Name: Josef Tal
Life: September 18, 1910 - August 25, 2008
Known for: Josef Tal was an Israeli composer and one of the founding fathers of Israeli art music.
About him: Josef Tal was born in what is present-day Poland, but his family soon moved to Berlin, where they ran an orphanage and where his father was a rabbi who specialized in ancient languages. Young Josef first came to love music in the synagogue and soon studied piano and composition in Berlin, completing his studies in 1931. But being Jewish, Josef had no job prospects in Germany. Instead, he began studying photography, in hopes that such a job would allow him to make aliyah (immigrate) to British-mandate Palestine.
In 1934, Tal's dream came true, as he made aliyah with his wife and their young son. First living on a kibbutz, and then in Jerusalem, Tal devoted his life to music - playing piano, giving lessons, and as the harpist of the new Palestine Orchestra (today's Israel Philharmonic Orchestra).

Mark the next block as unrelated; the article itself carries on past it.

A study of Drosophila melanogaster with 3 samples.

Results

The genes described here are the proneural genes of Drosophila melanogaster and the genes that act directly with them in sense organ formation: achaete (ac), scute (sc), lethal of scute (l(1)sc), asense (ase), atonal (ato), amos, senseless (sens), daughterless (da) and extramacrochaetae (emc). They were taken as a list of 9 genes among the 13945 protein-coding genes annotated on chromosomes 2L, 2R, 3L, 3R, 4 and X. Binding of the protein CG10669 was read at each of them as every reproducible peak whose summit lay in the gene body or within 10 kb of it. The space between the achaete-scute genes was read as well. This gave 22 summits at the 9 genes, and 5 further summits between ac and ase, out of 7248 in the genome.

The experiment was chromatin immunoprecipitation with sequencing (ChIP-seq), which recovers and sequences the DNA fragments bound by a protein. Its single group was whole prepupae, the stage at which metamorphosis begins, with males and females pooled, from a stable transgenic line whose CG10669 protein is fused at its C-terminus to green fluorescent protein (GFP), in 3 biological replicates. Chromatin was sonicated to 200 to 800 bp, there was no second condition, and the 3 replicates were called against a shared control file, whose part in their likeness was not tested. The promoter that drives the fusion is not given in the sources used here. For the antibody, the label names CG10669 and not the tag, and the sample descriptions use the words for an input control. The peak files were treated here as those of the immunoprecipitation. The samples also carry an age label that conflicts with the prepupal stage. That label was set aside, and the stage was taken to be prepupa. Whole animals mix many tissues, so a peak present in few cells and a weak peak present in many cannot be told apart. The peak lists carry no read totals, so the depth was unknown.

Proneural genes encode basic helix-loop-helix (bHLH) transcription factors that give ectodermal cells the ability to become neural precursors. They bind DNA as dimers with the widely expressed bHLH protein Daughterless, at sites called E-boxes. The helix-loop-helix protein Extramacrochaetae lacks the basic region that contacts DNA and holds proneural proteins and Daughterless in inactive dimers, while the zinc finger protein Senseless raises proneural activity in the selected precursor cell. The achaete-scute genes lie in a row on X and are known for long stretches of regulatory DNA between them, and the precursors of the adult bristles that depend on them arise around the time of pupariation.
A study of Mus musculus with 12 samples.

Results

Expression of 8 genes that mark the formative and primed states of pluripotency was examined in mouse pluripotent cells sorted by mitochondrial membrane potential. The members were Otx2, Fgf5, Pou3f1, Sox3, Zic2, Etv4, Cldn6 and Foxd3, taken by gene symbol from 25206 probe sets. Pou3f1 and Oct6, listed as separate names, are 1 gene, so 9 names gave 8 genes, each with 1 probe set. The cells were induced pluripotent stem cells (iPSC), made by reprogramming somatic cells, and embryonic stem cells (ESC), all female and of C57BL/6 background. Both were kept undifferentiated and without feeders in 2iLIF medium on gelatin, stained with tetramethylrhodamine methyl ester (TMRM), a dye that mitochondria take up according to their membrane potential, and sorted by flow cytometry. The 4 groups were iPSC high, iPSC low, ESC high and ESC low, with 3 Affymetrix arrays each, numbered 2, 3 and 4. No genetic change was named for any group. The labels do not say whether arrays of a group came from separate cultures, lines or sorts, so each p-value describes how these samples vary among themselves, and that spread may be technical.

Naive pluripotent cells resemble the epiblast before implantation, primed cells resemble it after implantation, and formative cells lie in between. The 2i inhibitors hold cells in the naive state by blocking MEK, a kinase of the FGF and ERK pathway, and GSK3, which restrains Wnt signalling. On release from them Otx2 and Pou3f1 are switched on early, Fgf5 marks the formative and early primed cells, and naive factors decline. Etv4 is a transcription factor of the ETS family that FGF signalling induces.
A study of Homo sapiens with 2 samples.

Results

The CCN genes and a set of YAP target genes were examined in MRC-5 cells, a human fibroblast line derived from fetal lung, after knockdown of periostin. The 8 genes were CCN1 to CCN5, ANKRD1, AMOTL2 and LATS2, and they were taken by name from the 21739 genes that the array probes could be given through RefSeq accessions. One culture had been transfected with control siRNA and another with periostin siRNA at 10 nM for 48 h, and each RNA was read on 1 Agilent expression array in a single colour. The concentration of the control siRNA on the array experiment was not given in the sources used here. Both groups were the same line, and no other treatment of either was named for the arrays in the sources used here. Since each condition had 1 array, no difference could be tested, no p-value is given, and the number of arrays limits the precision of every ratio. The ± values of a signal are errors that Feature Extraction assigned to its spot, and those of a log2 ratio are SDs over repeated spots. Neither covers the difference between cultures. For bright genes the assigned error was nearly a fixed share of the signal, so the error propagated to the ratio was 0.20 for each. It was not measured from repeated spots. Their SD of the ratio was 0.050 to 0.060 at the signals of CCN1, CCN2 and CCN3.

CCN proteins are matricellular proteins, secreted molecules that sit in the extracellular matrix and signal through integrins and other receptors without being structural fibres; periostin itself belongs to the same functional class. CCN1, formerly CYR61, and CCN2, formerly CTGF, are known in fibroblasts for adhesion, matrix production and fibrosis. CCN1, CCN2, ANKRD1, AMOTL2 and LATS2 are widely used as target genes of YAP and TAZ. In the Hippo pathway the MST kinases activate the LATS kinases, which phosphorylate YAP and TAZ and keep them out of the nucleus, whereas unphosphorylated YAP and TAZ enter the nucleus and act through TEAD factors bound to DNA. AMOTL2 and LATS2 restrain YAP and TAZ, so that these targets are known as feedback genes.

For the rest of his life, Tal taught music at the Palestine Conservatory, acted as director of the Jerusalem Academy of Music and Dance, and was professor and musicology chair at Hebrew University of Jerusalem. All the while, he also served as conductor and pianist for orchestras around the world.
But it was Josef Tal's musical compositions that cemented his legacy. His works include three Hebrew operas, four German operas, six symphonies, thirteen concerti, chamber music, three string quartets, and countless instrumental works and electronic pieces. Tal's challenging compositions, unique sonority, dramatic gestures, and bursts of energy have kept his music alive even after his death, making him one of Israel's most beloved composers.